Thirteen members of the Senate Democratic caucus on Wednesday raised concerns about AT&T Inc.’s proposed acquisition of Time Warner Inc., saying the companies appear to be structuring the deal in a way that would avoid a Federal Communications Commission review.

An FCC review would ask whether the merger benefits the public interest, whereas a Justice Department review would focus on whether it complies with antitrust laws. Senate Democrats say AT&T and Time Warner should show how the proposed $85.4 billion merger would benefit consumers.

“Further consolidation in the telecommunications and media industries should only be permitted if it results in better and more affordable services for consumers across the nation,” the senators wrote in a Wednesday letter to the chief executives of AT&T and Time Warner.

The letter was signed by Sen. Bernie Sanders (I-Vt.) and Democratic Sens. Richard Blumenthal (D-Conn.), Cory Booker (N.J.), Sherrod Brown (Ohio), Maria Cantwell (Wash.), Dick Durbin (Ill.), Al Franken (Minn.), Patrick Leahy (Vt.), Ed Markey (Mass.), Jeff Merkley (Ore.), Patty Murray (D-Wash.), Elizabeth Warren (Mass.) and Ron Wyden (Ore.).

At issue is a Jan. 5 filing with the Securities and Exchange Commission in which AT&T executives say they expect that Time Warner “will not need to transfer any of its FCC licenses to AT&T in order to continue to conduct its business operations after the closing of the transaction.” Without a license transfer, there is no opening for the FCC to review the proposed merger.

By circumventing the FCC merger review process, the senators argue, the companies will avoid the agency’s requirement to demonstrate how the deal would serve the public interest through the improving of access and affordability of telecommunications services and ensuring the “free exchange of ideas.”

“AT&T is already the world’s largest pay TV provider and the largest telecommunications company,” the senators wrote, referring to the company’s July 2015 acquisition of DirecTV. “Combining it with one of the world’s largest producers of content gives AT&T-Time Warner both the incentive and the ability to use its platform to harm competitors and as a result, consumers.”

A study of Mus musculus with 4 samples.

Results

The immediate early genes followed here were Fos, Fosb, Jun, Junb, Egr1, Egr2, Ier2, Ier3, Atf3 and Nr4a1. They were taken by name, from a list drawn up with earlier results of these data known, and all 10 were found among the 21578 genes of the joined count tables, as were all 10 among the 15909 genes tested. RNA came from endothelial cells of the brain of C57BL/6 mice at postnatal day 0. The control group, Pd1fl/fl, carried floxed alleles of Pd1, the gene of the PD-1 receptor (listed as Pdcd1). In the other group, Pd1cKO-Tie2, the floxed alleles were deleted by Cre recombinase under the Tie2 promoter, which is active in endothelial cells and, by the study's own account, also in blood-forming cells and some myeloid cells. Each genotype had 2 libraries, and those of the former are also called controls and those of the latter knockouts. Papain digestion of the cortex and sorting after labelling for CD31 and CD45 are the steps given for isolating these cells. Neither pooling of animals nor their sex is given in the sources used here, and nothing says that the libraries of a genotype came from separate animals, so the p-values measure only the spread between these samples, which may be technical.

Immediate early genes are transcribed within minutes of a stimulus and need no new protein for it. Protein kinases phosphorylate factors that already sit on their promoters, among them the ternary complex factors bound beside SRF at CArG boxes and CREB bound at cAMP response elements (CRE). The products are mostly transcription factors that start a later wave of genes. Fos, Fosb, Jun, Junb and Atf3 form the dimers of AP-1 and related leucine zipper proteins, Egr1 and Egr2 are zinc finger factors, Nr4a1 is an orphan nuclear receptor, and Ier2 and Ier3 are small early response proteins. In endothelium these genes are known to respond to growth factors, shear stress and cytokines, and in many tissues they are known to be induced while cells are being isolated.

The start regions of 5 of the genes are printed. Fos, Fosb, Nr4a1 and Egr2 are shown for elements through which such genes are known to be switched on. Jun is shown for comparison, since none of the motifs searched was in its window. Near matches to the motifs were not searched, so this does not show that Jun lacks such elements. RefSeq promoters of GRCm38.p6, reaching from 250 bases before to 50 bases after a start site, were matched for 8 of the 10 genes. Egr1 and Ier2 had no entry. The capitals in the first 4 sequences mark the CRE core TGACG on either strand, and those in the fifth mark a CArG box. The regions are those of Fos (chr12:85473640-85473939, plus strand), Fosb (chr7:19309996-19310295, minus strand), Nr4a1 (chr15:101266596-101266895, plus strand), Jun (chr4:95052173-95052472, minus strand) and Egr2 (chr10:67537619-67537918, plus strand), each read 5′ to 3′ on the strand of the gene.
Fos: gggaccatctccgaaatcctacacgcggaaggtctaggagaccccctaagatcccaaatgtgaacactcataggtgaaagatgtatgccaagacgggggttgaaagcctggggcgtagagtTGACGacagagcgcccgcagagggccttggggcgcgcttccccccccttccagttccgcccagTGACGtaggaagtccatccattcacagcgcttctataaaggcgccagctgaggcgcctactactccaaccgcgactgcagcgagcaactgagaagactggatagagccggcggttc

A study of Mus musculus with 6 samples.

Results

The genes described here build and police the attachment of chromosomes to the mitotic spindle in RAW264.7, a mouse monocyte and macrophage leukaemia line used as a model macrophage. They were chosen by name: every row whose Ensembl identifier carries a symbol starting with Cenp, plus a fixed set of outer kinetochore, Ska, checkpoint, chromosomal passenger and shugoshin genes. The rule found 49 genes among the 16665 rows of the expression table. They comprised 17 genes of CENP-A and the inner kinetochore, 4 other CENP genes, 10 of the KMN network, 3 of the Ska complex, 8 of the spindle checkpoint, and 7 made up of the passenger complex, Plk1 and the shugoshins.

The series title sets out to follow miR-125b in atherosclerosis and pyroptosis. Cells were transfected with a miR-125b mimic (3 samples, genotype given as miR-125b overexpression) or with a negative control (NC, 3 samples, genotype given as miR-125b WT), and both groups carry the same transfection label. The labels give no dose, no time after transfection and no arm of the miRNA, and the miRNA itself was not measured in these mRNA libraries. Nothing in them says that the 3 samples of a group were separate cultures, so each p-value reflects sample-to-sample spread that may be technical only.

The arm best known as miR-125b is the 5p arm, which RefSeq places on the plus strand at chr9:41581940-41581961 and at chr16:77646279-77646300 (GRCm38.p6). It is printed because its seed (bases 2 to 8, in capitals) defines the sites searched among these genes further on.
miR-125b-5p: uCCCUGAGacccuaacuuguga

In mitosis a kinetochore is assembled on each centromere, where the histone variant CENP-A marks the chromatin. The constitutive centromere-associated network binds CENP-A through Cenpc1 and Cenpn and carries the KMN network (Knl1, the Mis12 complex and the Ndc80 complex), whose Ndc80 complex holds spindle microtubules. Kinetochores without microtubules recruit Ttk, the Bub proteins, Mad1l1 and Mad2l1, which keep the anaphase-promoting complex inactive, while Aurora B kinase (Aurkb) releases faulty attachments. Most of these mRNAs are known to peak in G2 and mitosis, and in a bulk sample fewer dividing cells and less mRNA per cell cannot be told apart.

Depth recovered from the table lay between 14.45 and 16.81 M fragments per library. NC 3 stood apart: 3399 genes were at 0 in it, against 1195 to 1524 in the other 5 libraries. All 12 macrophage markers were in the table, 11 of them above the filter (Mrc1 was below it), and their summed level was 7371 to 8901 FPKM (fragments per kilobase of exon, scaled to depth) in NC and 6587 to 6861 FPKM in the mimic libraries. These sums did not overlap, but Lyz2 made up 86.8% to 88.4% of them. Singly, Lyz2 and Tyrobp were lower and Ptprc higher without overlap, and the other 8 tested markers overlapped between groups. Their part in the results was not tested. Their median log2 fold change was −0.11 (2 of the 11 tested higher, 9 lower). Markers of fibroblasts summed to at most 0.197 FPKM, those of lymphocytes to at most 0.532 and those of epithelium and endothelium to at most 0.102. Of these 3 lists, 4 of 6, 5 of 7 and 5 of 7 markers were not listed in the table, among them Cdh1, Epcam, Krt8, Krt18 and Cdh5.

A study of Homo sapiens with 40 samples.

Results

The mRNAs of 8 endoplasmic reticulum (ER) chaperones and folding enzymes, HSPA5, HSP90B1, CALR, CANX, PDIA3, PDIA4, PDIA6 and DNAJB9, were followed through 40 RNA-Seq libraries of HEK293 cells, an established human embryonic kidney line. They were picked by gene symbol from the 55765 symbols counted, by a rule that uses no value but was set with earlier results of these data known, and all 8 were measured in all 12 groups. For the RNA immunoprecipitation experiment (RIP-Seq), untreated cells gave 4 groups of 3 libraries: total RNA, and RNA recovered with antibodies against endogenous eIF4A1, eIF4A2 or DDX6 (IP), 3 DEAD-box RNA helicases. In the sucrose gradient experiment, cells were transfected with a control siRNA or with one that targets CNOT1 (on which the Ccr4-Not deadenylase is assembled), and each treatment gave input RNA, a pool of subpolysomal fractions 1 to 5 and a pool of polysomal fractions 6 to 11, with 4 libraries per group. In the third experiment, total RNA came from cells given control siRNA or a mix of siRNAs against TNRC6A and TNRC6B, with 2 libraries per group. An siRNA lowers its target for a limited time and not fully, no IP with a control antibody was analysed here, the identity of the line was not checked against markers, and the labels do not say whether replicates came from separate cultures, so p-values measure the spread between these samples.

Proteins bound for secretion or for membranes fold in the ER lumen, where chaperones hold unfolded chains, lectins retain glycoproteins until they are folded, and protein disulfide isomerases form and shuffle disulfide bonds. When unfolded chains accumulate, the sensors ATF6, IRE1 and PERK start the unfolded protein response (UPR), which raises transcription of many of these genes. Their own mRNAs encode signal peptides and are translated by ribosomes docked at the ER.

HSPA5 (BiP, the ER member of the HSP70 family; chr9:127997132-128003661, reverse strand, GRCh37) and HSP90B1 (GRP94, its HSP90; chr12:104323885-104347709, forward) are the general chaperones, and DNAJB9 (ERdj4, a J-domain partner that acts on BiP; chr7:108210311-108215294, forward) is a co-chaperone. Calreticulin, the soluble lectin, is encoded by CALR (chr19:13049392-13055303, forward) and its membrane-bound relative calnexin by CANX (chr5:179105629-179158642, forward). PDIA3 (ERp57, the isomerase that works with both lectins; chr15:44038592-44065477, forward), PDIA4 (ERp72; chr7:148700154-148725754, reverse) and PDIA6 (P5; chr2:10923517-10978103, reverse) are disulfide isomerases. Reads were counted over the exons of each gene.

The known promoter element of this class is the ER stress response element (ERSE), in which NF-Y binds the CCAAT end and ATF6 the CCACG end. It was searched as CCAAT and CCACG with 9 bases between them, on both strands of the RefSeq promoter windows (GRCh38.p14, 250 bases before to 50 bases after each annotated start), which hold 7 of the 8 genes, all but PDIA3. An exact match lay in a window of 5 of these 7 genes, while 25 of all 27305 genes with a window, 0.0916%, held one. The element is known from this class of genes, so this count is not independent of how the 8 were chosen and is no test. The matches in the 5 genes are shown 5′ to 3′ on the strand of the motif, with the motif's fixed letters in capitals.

The lawmakers asked AT&T Chief Executive Randall Stephenson and Time Warner Chief Executive Jeffrey Bewkes to provide by Feb. 17 a “comprehensive and detailed” explanation of how the merger would bring consumer benefits, encourage competition and serve the public interest.

“We are always happy to answer any questions about the merger and, of course, will follow all processes required by law, including the extensive Hart-Scott-Rodino review process at the Department of Justice through which we will produce millions of documents, and extensive analyses,” AT&T spokesman Michael Balmoris said Wednesday in an email to Morning Consult.

He added that the deal would “create more competition for cable TV providers, giving consumers more options and accelerating next generation wireless broadband.”

Stephenson told the Senate Judiciary’s Antitrust Subcommittee in December that the merged company would not unfairly favor Time Warner content on its distribution platforms by blocking or overcharging competitors.